MPs Call For An End To Beer Tax Hikes
MPs have called for an end to the above-inflation beer tax to protect the brewing industry and save Britain's struggling pubs at a debate in Parliament.
The duty escalator - introduced by Alistair Darling when he was chancellor in 2008 - pushes the price of a pint up 2% above inflation, and is not due to end until 2014.
Scrapping the tax rise would see more people head to pubs, boosting the economy and raising more tax for the Treasury, argued Conservative MP Andrew Griffiths.
"Scrapping the beer duty escalator would save thousands of jobs in the first year alone and stop the closure of hundreds of pubs in all of our communities," he said.
"This is a huge opportunity to bring balance and fairness into the duty system and to support our pubs and breweries."
It comes as new figures revealed that between March and September, 18 pubs closed every week across the UK - up from 12 a week during the previous six months.
The Campaign for Real Ale (CAMRA) said the increase in pub closures was due to low supermarket pricing, poor consumer confidence and "the burden of taxation".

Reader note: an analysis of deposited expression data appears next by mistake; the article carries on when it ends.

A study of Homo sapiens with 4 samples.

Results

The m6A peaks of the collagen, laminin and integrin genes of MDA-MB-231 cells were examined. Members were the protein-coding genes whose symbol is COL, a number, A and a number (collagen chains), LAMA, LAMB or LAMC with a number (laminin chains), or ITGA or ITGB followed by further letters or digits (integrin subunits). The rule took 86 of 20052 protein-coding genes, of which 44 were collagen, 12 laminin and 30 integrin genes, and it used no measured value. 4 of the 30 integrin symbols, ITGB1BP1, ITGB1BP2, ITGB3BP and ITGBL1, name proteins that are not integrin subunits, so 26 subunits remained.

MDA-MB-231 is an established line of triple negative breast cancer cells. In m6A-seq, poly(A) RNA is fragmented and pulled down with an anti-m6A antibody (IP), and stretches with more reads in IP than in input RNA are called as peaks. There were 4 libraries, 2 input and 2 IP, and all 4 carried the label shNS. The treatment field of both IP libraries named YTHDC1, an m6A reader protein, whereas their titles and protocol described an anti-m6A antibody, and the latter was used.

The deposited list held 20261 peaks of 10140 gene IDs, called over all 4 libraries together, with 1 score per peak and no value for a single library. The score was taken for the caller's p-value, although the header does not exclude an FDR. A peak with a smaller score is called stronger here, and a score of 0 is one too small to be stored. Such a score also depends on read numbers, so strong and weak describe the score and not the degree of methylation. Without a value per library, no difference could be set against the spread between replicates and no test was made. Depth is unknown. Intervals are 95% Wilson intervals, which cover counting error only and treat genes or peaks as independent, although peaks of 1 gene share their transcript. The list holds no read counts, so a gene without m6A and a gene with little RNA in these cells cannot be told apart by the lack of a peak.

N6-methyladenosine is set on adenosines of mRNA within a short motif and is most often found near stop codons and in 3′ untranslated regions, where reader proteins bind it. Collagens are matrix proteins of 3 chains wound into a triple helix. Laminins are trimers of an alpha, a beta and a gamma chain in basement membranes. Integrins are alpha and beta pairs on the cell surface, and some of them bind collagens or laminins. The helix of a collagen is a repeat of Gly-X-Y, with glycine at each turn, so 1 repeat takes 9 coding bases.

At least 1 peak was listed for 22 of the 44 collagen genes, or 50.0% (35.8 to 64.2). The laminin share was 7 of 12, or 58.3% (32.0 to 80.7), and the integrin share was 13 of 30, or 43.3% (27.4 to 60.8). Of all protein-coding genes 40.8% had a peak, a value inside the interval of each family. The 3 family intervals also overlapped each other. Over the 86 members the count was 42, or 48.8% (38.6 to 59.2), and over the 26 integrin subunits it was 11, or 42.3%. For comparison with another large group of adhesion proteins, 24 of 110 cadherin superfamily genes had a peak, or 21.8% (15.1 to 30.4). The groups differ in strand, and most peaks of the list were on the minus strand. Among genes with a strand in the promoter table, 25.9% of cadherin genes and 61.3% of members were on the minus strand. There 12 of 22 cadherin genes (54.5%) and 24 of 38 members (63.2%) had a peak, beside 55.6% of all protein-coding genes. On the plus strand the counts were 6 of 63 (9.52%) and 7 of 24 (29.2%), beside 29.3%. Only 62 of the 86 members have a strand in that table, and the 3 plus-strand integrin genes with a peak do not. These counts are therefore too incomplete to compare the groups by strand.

"With pubs finding it ever harder to maintain consistent footfall at a time when prices are ever increasing, it is only hoped that Parliament will today take the first steps by voting to review punitive taxation policies on Britain's national drink," the organisation's chief executive, Mike Benner, said.
Mr Griffiths, who led the Commons debate, said beer duty had risen by a "crippling" 42% since the escalator was introduced in 2008.
Over those four years beer sales have plummeted 15% - equating to around of 1.5 billion pints - depriving the Treasury of tax from lost sales, he added.
"The point about an escalator is that you stop when you get to the top," the Burton MP, who chairs the all-party parliamentary group on beer, said.
"We have reached the top of the escalator and we are in danger of going off the edge of a cliff."
Over 100,000 people signed a Government e-petition demanding Westminster address the issue amid growing concern for the future of local pubs and the brewing industry.
The campaign has gained cross-party support ahead of Chancellor George Osborne's autumn statement on December 5.
Lib Dem MP Greg Mulholland, the chairman of the All Party Parliamentary Save the Pub Group, said the tax "simply doesn't add up".
"The simple reality is that since 2004 beer duty rates have increased by 60%, and beer duty revenue by just 10%," he said.
"That is actually a significant fall in real terms."
He called for a review of the duty escalator, saying it "doesn't make economic sense, it doesn't make social sense, it's unfair, it's unsustainable and it's unjustifiable".
Labour's Iain Wright has demanded that the growing difference in prices between pints in pubs and beer in supermarkets is tackled.
"If we value as a country the social and economic importance of the pub as a focal point for the community and as a means of encouraging responsible and supervised drinking, what steps can the Government take to nudge consumers towards drinking beer in pubs?" he said.